We’ve all been there. Our characters are hurtling along the rollercoaster that we have made of their lives and then something terrible happens. And they’re… what? Devastated? Horrified? Heartbroken? How does the reader know?
We want our audience to know that our character is experiencing some emotional distress but if we aren’t specific, we might as well just say that they are experiencing some emotional distress. How do you get across exactly what they are going through?
The problem with showing emotion in writing is two-fold: we want the reader to understand the emotion the character is experiencing and we want to show them how it affects the character. No, these are not the same thing.
We need to refer to specific emotions that the reader will understand, like happy, sad, scared. However, in order for the reader to really get invested, you want to make that emotion stand out. Are they happy or overjoyed? Sad or devastated? Scared or terrified? And does that make them feel? Sorrow, fear, horror, loneliness, joy, contentment – all emotions, when felt in the extreme, produce physical sensations. Our minds are linked to our bodies, after all.
If Xadiddi and Dffidkla from the planet Xieemm break up, the reader will assume that they are upset. Sad, angry or both. These are emotions that we can relate to. We can recognise them for what they are and understand what experiencing them is like, because we have been there too. But without specific information, the reader will assume that the characters will deal with this situation in the same way the reader would.
How emotion affects your character is something else. Everyone deals with their emotions differently, so your characters will too. You could just say they are heartbroken, but how does that affect them in their day-to-day life? For example, one woman will be heartbroken and drag herself around her apartment, crying instead of eating for three months. The other will be heartbroken, throw herself into her work and lose weight but explain that she’s found this fabulous new diet to deflect any suspicion. These two women obviously have very different personalities and their reactions to heartbreak will reflect that.
What about anger? Who hasn’t been angry, at some point in their life? And I’m not talking about angry because your shopping bags gave way in the middle of the car park. I mean angry that your mother died right when you needed her most leaving you to deal with your jerk-off husband and three children on your own because God knows your sister doesn’t give a damn in her $3000-a-month apartment in the city. That kind of angry. How do you reflect that emotion?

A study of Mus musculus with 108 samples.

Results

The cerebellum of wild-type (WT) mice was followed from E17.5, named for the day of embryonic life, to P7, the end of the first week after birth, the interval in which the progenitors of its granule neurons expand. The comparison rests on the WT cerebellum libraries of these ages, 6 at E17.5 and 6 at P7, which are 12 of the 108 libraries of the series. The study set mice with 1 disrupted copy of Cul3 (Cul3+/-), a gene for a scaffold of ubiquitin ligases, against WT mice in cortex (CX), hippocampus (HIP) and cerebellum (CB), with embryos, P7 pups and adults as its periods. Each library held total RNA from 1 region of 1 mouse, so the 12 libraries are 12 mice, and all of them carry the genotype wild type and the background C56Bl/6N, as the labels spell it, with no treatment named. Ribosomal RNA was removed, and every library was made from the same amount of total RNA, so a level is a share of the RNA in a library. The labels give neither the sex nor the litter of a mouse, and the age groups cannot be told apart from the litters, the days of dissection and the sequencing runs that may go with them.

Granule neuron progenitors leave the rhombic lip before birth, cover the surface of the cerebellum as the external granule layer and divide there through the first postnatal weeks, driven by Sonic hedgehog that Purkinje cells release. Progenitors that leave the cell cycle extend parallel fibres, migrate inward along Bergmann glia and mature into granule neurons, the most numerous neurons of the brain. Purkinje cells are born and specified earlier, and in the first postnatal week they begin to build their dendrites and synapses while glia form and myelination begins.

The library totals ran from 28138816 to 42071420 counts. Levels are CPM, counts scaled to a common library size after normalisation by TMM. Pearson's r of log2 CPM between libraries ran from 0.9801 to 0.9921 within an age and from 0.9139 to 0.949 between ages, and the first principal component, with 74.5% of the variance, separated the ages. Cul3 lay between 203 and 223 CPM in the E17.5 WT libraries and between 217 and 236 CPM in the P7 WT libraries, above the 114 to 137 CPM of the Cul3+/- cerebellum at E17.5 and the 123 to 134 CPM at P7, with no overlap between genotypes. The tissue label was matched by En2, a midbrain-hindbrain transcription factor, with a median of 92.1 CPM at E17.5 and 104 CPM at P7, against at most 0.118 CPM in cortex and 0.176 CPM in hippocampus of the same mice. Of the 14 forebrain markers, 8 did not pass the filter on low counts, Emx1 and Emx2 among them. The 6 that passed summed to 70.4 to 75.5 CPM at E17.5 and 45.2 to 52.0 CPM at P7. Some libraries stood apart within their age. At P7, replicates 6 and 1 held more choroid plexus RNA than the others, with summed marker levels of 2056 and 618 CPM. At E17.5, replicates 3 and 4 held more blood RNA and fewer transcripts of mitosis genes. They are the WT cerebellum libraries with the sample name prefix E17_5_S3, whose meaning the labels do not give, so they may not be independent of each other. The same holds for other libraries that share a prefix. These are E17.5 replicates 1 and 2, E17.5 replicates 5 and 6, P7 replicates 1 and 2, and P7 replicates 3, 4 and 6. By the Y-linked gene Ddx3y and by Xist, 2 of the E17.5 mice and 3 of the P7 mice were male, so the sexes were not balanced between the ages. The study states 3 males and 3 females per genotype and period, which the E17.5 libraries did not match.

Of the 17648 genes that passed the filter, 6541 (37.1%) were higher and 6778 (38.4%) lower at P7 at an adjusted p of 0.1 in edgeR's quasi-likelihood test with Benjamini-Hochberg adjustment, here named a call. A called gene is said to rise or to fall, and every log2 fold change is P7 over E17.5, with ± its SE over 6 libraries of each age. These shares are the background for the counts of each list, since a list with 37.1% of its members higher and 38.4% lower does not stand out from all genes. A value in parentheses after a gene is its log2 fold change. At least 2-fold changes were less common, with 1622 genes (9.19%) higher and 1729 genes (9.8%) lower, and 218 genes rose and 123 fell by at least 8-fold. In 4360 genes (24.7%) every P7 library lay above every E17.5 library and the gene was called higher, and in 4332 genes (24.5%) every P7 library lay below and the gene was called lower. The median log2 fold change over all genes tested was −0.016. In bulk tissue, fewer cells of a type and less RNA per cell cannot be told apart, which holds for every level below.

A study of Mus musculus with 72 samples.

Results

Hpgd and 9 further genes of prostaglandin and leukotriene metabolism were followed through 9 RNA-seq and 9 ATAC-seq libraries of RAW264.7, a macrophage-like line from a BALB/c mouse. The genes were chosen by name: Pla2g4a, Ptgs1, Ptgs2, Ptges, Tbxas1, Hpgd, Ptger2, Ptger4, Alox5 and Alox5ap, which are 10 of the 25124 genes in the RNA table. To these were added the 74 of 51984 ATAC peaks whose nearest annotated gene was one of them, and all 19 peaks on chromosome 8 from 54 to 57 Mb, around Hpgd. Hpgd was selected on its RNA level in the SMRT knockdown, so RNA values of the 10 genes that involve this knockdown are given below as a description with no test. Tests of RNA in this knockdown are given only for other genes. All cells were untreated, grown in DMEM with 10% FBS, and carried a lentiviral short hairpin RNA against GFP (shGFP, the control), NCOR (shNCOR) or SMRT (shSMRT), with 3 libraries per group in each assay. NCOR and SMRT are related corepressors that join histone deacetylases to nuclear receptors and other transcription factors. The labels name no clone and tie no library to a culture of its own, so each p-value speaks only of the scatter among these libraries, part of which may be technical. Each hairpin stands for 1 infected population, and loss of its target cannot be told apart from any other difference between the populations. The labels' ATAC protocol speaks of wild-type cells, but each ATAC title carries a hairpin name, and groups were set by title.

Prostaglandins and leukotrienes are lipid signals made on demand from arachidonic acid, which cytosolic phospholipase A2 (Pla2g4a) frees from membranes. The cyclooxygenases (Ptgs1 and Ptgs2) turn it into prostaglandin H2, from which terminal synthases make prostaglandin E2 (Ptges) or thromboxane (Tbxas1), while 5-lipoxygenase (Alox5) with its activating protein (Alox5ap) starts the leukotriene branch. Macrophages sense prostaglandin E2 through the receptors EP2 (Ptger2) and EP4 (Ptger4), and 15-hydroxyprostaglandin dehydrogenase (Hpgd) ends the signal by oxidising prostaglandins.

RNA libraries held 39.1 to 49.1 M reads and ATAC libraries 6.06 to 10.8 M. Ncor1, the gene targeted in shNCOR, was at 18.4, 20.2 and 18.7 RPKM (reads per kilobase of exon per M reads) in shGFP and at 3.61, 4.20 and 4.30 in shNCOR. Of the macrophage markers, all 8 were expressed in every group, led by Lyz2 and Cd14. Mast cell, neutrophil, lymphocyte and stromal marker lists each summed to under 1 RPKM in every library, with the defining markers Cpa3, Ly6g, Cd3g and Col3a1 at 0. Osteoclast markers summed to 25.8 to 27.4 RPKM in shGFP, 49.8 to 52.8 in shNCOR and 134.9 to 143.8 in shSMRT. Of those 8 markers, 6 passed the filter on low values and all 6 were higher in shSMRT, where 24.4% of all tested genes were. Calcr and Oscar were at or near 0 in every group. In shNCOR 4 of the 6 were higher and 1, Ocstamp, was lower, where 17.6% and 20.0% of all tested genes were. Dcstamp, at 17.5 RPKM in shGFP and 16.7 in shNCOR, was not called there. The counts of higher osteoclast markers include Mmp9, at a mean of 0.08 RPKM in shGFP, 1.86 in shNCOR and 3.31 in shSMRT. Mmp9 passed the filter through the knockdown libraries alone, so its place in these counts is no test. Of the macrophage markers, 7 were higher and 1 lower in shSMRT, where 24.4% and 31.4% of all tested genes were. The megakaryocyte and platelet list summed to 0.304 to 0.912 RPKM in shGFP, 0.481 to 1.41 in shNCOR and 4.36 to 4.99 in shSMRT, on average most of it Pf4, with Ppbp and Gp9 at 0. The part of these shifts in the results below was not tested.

There are two ways, I think, to show any emotion. One, as I did above, involves showing the circumstances that gave rise to it. If I were in the situation above, I would be pretty damn angry. I haven’t been there, but wow, that would suck. The other method is to show how this emotion makes you feel, and this takes us back to the five senses.
Anger, for some people, means their throat closes up so they physically can’t talk. It sounds like they’re crying or having an asthma attack, just clumps of words forced out in gasps. Some people control their anger rigidly and you can see the muscles bunching in their jaw as they clench their teeth to keep from saying something inappropriate. Afterwards their jaw will ache from the effort of self-control. Some people appear to be incredibly calm but you can see a pulse hammering away in the veins at their temples or in their throat.
Heartbreak also produces physical sensations. Loss of appetite, lack of interest in the world, yes, but I mean actual physical feelings. A solid weight in the chest that keeps you from breathing properly, legs so heavy it’s like they’re filled with lead, so that they can barely drag themselves across their apartment to eat in the mornings, which they’re not terribly interested in anyway, but check it out, the sun rose again this morning and you gotta eat, right?
The English language is a fantastic medium to write in. We have a multitude of words for so many emotional states and it is easy to use one – terrified, lonely, overjoyed. What is not so easy, and far more effective, is to put ourselves into our character’s body and explain to the reader exactly how this makes them feel.